With major food companies joining the green movement, a growing number of farmers are being asked questions about their sustainability efforts and/or programs. Growers can either view the movement as opportunity or imposition, says Dr. Cliff Ohmart.
“They can either see [sustainability] as a light at the end of the tunnel or as a train that is coming to run over them,” he said. Growers can be proactive, moving forward to develop a program that can add value to their product, or they can be reactive and respond to programs developed in a top-down manner that likely will become another cost of doing business.
Ohmart, who last September became vice president of professional services for SureHarvest, Inc., shared his perspective of the trends occurring in the agricultural sustainability arena at the Washington State Horticultural Association’s annual meeting in Wenatchee. Ohmart is best known for his work in the development and adoption of a sustainability program for Lodi-Woodbridge wine grape growers and their third-party certification program called LodiRules for Sustainable Winegrowing.
All of the major supermarket chains and food companies have sustainability information on their Web sites, he said during a session on sustainability. Many of the sites include goals and reports showing benchmarks and efforts to reduce their environmental footprint. Topics from water conservation and waste reduction to wind power and animal welfare are discussed on the Web pages of companies like Safeway, SuperValu, Kroger Foods, SYSCO, PepsiCo, and McDonald’s. “They’re serious about this,” he said.
Wal-Mart rolled out its concept of a worldwide sustainability index last summer. It began by asking its suppliers to answer 15 questions about their sustainability. A sampling of these questions include:
—Have you measured your corporate greenhouse gas emissions?
—Have you set publicly available water use reduction targets?
—Have you established publicly available sustainability purchasing guidelines for your direct suppliers that address issues such as environmental compliance, employment practices, and product/ingredient safety?
Wal-Mart has stated it aims to develop a global database of information on the lifecycle of products—from raw materials to disposal—and partner with a company that would create an open platform to power the index. The final step would be to translate the data into a rating for consumers about the sustainability of products.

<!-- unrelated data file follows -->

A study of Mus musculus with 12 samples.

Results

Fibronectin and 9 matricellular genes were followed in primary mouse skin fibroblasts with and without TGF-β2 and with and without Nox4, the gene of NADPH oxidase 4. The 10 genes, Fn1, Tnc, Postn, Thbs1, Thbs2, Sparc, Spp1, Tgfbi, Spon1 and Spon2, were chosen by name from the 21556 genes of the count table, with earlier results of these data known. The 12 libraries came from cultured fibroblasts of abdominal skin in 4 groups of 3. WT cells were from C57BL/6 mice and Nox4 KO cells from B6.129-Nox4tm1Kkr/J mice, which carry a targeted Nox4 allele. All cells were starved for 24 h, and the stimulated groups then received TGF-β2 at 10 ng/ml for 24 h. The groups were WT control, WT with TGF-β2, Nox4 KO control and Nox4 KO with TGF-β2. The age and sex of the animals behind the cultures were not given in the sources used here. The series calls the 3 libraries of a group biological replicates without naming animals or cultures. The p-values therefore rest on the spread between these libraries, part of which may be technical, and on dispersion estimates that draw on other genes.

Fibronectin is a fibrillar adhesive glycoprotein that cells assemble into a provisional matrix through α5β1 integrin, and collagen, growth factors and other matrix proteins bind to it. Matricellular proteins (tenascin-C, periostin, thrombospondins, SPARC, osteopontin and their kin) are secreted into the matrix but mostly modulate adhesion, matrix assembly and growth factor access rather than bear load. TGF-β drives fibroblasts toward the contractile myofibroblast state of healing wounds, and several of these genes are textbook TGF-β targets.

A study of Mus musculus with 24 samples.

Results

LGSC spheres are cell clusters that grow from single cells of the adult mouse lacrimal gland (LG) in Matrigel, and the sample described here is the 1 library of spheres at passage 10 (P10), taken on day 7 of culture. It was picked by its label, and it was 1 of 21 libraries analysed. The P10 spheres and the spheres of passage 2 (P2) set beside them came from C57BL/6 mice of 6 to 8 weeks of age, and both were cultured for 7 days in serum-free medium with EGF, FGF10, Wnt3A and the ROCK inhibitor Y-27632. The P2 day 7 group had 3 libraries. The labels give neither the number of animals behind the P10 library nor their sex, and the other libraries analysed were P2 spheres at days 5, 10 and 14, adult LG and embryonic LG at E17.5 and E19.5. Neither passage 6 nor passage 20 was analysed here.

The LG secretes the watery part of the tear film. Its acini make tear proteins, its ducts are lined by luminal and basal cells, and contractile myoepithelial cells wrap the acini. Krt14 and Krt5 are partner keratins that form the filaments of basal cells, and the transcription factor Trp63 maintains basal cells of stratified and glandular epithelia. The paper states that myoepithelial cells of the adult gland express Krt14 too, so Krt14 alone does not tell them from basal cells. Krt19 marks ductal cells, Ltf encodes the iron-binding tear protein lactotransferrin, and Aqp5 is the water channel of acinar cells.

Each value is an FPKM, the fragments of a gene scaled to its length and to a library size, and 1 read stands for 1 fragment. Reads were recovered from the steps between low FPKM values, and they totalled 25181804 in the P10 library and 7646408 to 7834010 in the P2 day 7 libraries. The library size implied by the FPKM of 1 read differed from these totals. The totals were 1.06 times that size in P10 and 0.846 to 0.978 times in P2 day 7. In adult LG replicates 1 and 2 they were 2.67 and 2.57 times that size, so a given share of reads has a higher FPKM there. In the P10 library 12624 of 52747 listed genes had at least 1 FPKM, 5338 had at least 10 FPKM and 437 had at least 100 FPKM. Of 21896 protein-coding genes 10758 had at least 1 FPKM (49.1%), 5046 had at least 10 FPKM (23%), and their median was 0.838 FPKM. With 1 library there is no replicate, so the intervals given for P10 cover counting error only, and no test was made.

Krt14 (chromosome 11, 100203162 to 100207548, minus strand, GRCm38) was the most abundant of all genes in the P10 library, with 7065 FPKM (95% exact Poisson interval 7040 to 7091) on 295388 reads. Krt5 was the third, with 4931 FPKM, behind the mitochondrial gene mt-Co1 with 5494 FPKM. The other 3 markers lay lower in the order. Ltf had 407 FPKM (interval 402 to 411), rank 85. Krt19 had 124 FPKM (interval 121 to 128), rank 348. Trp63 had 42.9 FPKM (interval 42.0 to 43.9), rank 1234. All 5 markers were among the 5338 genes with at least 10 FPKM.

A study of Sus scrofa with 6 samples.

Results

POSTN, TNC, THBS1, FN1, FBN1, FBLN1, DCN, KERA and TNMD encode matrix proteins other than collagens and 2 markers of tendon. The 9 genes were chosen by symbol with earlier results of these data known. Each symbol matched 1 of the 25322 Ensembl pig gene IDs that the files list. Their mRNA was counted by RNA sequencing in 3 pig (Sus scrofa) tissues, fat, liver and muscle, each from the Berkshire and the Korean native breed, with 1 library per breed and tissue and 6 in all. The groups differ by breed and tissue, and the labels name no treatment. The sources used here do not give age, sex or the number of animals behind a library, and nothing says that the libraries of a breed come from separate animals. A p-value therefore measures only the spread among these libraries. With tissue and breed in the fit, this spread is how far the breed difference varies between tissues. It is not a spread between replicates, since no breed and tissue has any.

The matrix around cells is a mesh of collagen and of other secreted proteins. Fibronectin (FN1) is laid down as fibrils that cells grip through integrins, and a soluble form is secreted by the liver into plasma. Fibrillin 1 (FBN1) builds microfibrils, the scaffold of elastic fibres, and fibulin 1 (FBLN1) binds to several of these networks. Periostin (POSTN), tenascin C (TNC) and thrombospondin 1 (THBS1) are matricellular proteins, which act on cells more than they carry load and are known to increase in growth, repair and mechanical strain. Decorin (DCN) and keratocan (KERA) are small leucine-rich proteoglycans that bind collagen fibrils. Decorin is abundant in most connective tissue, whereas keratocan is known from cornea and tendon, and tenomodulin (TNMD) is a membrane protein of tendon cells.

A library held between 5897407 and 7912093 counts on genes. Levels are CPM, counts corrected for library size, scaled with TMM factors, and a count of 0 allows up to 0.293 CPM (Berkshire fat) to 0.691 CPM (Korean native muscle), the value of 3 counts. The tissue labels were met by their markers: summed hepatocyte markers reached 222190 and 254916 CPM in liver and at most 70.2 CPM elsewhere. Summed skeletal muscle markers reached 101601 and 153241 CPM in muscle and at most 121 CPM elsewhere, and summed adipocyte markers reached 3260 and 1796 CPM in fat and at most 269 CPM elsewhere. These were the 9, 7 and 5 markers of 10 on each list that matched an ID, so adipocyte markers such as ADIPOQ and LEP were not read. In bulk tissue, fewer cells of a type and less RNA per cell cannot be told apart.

“Wal-Mart’s 15 questions have had a big impact on producers,” Ohmart said. “Wal-Mart wants all of its 100,000 suppliers, including food suppliers, to answer its 15 questions. But one of the big complaints I hear is that there are no economics here at all. What’s interesting about Wal-Mart is their motto of ‘Save money. Live better.’ Save money for whom? This effort is not going to save the growers or suppliers money to implement sustainability.”
One of the biggest problems with sustainability is that the current push by foodservice and retailers has no common framework for producers in which to approach the issue, he explained. “But that can’t go on forever.”
For organic producers, uniform rules for all states have been developed as part of the National Organic Program, administered by the U.S. Department of Agriculture.
Not so for sustainability, Ohmart said. “For sustainability, anybody can put a stake in the sand and put a name on it.”
He says that efforts to develop a national program are under way, such as the Stewardship Index for Specialty Crops, which seeks to develop metrics to measure ¬sustainability performance for commodities.
Ohmart believes the public push for sustainability reporting will continue. Surveys show that the millennial generation will continue to demand focus on the ¬environment and sustainability. He also points out that the ongoing focus on climate change helps to keep the environment in the consumer’s mind.
Eventually, sustainability will be integrated into ¬business processes and management, he said.
Ohmart suggests that rather than be forced to implement some type of sustainability program to keep market share or respond to regulatory changes, growers should view the issue as an opportunity to learn more about their practices and become more efficient.
Complying with a multitude of sustainability programs is not a pleasant scenario, he said. “And I worry that if programs come from the top down, sustainability will become a cost of doing business and growers may not get any more money to pay for their efforts. Can we turn this around to bring opportunity to agriculture?”
He points to his experience with the California wine industry to show that programs developed from bottom up can be an opportunity instead of an imposition.
“It really can help to unify the grower community through a common understanding of sustainability,” Ohmart said. “Being proactive creates a powerful message for whomever your market or audience is. The California wine industry is a showcase in point of a program that’s had a big effect.”
A sustainable program starts with a vision. What are you trying to accomplish as a company? Without a vision, you may end up someplace else, he warns.
Identify your issues and create some way to measure the things you are doing well and those that need improvement, he said. Some type of self-assessment is needed that can identify strengths and weaknesses.
“It would be great if you can add value to your product by doing all this,” he said.
What’s in it for the grower?
“If you can’t measure it, you can’t manage it,” he said, noting that from his science background, he believes there are always ways of doing things better. A self assessment by growers also helps them to zero in on their efficiencies as well as make comparisons with their neighbors and learn from their peers.
“It’s the concept that a rising tide raises all ships,” he said, adding that all in the industry benefit from a ¬collaborative and collective effort.